Exploring new musical territory

The Shackeltons to release CD named on Rolling Stone site

The Shackeltons to release CD named on Rolling Stone site

January 06, 2008|By JULIE E. GREENE

CHAMBERSBURG, Pa. - A year ago The Shackeltons were recording an album in a Sunday school room at Crider's United Brethren Church on Loudon Road, eating cookies left by a local musician.

In March 2007 they were in a Los Angeles recording studio, preparing an album for Loveless Records that should be available in independent record stores nationwide Jan. 29.

In early December, the Chambersburg-based band got a mention on Rolling Stone's Web site. It was two sentences in a list highlighting new tracks, but it was Rolling Stone.

"That's great. That's amazing. They don't even need to write us up. Who are we? We are on a small Seattle label. Our record doesn't even come out until Jan. 29," said vocalist Mark Redding.


The self-titled CD is the band's eighth, but its first with Loveless, and tracks from the CD have already brought the band national attention from the aforementioned Rolling Stone as well as

J. Edward Keyes, who mentioned The Shackeltons in his Single Minded column on Rolling Stone's Web site, said the band has "this terrific, fire-and-brimstone urgency about them. The singer is like a Baptist preacher gone bananas - so incredibly charismatic. The songs, too, are great - really dark and doomy. It's like one fantastic spiral into the abyss. I hope they never change."

In an e-mail to The Herald-Mail, Keyes said he was leery of predicting a band's success, but said The Shackeltons' charisma and potential are limitless.

In addition to Redding, The Shackeltons are Sean Hallock (drums), Dan Schuchman (guitar), Eric Fisak (guitar) and Justin McDaniel (bass). All of them live in Chambersburg, except McDaniel, who lives in Shippensburg. Redding wouldn't divulge their ages, saying the band wanted to remain mysterious, but their ages average 24, and their youngest member is 17.

The band is named, though misspelled, for Ernest Shackleton, the explorer known for his early 20th-century expeditions of Antarctica.

They liked Shackleton's enduring spirit and persistence, Redding said. He misspelled the explorer's name when registering the band's Web site and the band decided to stick with the different spelling.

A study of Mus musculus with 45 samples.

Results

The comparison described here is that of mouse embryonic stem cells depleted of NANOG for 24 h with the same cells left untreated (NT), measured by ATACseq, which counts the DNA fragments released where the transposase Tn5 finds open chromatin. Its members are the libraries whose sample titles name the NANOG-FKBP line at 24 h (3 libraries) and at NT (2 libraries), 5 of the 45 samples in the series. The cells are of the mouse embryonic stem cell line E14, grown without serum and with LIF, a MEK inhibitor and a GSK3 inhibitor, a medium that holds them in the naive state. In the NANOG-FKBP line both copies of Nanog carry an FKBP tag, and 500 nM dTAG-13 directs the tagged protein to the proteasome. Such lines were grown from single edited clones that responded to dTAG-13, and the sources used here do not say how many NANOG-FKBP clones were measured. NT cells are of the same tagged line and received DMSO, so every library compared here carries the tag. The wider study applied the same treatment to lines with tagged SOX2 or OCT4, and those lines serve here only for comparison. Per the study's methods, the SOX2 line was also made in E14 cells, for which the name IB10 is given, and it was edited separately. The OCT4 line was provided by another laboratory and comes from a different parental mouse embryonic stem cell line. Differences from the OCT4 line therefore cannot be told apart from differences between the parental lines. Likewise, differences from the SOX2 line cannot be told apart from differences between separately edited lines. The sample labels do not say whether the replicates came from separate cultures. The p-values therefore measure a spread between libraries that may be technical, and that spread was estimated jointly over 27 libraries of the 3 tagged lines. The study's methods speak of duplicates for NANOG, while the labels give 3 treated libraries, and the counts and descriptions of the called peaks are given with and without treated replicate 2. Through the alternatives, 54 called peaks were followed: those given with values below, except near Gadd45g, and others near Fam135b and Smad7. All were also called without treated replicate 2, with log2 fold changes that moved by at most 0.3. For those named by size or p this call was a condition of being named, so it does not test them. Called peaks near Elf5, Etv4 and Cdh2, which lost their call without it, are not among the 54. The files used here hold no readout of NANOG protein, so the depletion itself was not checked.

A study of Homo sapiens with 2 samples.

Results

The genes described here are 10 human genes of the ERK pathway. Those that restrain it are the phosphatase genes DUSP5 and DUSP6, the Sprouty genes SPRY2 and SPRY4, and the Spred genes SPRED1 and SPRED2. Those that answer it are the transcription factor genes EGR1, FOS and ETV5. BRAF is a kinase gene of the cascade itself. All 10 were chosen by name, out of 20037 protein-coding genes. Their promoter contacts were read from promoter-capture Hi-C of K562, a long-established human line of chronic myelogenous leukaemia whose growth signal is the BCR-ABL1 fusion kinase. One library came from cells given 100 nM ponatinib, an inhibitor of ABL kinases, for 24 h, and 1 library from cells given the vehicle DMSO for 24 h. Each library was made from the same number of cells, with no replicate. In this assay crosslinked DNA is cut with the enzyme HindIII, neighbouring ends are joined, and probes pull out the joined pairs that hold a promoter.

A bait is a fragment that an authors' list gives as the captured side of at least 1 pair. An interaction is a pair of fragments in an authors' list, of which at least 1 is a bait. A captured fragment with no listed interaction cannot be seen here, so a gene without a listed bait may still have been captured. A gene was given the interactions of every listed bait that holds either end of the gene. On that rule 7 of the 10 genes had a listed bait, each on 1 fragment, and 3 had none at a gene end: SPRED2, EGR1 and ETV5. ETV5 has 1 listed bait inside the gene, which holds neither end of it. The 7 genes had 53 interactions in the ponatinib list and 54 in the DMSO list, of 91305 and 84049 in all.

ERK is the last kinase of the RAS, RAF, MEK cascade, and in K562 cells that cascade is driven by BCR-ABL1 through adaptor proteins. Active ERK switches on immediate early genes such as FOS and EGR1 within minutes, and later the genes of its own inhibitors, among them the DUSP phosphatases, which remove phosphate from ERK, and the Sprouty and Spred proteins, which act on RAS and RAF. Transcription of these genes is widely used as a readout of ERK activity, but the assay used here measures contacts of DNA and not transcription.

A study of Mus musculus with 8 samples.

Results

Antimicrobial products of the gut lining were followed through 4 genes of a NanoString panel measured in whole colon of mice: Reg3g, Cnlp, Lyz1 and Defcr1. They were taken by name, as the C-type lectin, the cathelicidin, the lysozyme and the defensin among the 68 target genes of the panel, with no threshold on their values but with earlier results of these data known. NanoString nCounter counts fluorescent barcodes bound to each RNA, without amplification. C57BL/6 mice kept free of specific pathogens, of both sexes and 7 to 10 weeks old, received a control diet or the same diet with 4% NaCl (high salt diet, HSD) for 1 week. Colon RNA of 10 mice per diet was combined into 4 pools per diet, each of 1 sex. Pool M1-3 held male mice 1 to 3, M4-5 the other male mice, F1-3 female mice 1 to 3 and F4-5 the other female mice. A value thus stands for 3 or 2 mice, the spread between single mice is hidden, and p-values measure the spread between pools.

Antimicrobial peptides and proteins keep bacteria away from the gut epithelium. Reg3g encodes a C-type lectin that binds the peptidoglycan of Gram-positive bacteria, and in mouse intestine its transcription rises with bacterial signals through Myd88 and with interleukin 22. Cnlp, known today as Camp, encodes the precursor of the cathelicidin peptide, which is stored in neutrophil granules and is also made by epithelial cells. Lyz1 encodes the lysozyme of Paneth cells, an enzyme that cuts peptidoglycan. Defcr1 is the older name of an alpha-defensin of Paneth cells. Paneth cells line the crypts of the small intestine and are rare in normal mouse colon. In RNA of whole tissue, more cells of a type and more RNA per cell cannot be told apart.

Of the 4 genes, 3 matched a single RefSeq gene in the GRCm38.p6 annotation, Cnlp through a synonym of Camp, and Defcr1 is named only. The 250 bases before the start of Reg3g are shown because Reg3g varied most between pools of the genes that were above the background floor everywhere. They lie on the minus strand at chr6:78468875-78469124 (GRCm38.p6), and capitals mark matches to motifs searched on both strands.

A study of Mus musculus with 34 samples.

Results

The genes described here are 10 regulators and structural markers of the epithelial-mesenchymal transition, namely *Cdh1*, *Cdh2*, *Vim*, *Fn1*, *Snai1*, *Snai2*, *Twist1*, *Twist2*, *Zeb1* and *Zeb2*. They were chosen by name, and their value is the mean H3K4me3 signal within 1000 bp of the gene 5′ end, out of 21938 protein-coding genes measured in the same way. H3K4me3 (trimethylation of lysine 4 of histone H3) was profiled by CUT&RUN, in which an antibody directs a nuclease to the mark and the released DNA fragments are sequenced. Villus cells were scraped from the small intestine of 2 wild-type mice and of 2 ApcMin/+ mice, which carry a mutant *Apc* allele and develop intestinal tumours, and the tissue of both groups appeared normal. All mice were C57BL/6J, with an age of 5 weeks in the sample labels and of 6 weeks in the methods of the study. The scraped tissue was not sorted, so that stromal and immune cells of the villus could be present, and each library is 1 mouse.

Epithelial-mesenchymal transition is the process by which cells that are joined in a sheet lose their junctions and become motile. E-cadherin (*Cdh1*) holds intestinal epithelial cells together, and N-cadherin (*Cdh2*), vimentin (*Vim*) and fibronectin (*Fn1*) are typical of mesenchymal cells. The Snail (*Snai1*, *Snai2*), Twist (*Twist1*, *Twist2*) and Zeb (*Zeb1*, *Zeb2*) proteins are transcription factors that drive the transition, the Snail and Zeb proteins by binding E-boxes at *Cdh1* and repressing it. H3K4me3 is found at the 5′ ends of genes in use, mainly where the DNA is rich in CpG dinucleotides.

Asked to describe the band's sound, Redding refers to Rolling Stone's description of "freakish" and "thrilling."

In his own words: "Take the Talking Heads and put them with Fugazi, that's a D.C. band. And then put that with the angularness of Interpol. Throw Otis Redding in to bring a little heart and soul. There's a whole soulfulness, a cry about, a pleading ... Otis Redding pleaded in his songs," Mark Redding said.

"It's a rudimentary term, it's a rock 'n' roll band. It's a band that reminds you of post punk, new wave without the keyboard. It reminds you of something that is alive and hopefully will make a mark in the music world that will be a notable band. We want to be compared, some day, we want to be known as the band that made a mark, like Television," said Redding, referencing a little-known New York band that helped further punk rock in the 1970s.

Four of The Shackeltons' five members met when they were playing for other local bands in the Chambersburg area - Redding and Fisak were in Heal, Schuchman in The Colorless Morning, and Hallock in The Snoons. McDaniel joined the band after his older brother, the band's former bassist, went off to college.

The band has been together for 3 1/2 years now with its current members together the last two years.

In that time they created seven albums, including three recordings of concerts and a bonus/outtake album.

In the beginning, The Shackeltons often played at a Loudon Street cold weather shelter/food bank/clothing bank that band members referred to simply as "the warehouse."

"Kids would come to that place like crazy," said Redding, who also brought in bands from New York City and Tennessee to play there. The warehouse had a good amount of space, comfy couches and was a venue for audiences of all ages because no liquor was served.

After playing there in 2005 and 2006, the warehouse was sold and new ownership didn't want to host concerts, which was fine, Redding said. "It was a good time for me. I had to push the band to get out of Chambersburg and not just (be) bringing in bands. I had to push us out," he said.

So he called a New York management firm that represented a band he liked and The Shackeltons found their music being played on KEXP, a Seattle radio station with an international and online audience. KEXP also issues CDs from some of their live concerts held in cities like Chicago and New York.

It was at a New York KEXP concert in November 2006 that The Shackeltons performed and were noticed by a rep with Loveless Records. In March 2007 they were in Los Angeles recording their new album.

Redding said the band is planning a CD release party, with a performance, on Jan. 29 at Record City in Southgate Shopping Center. The band plays mostly larger cities now, like Pittsburgh, New York City and Washington, D.C., so this will be a homecoming, Redding said.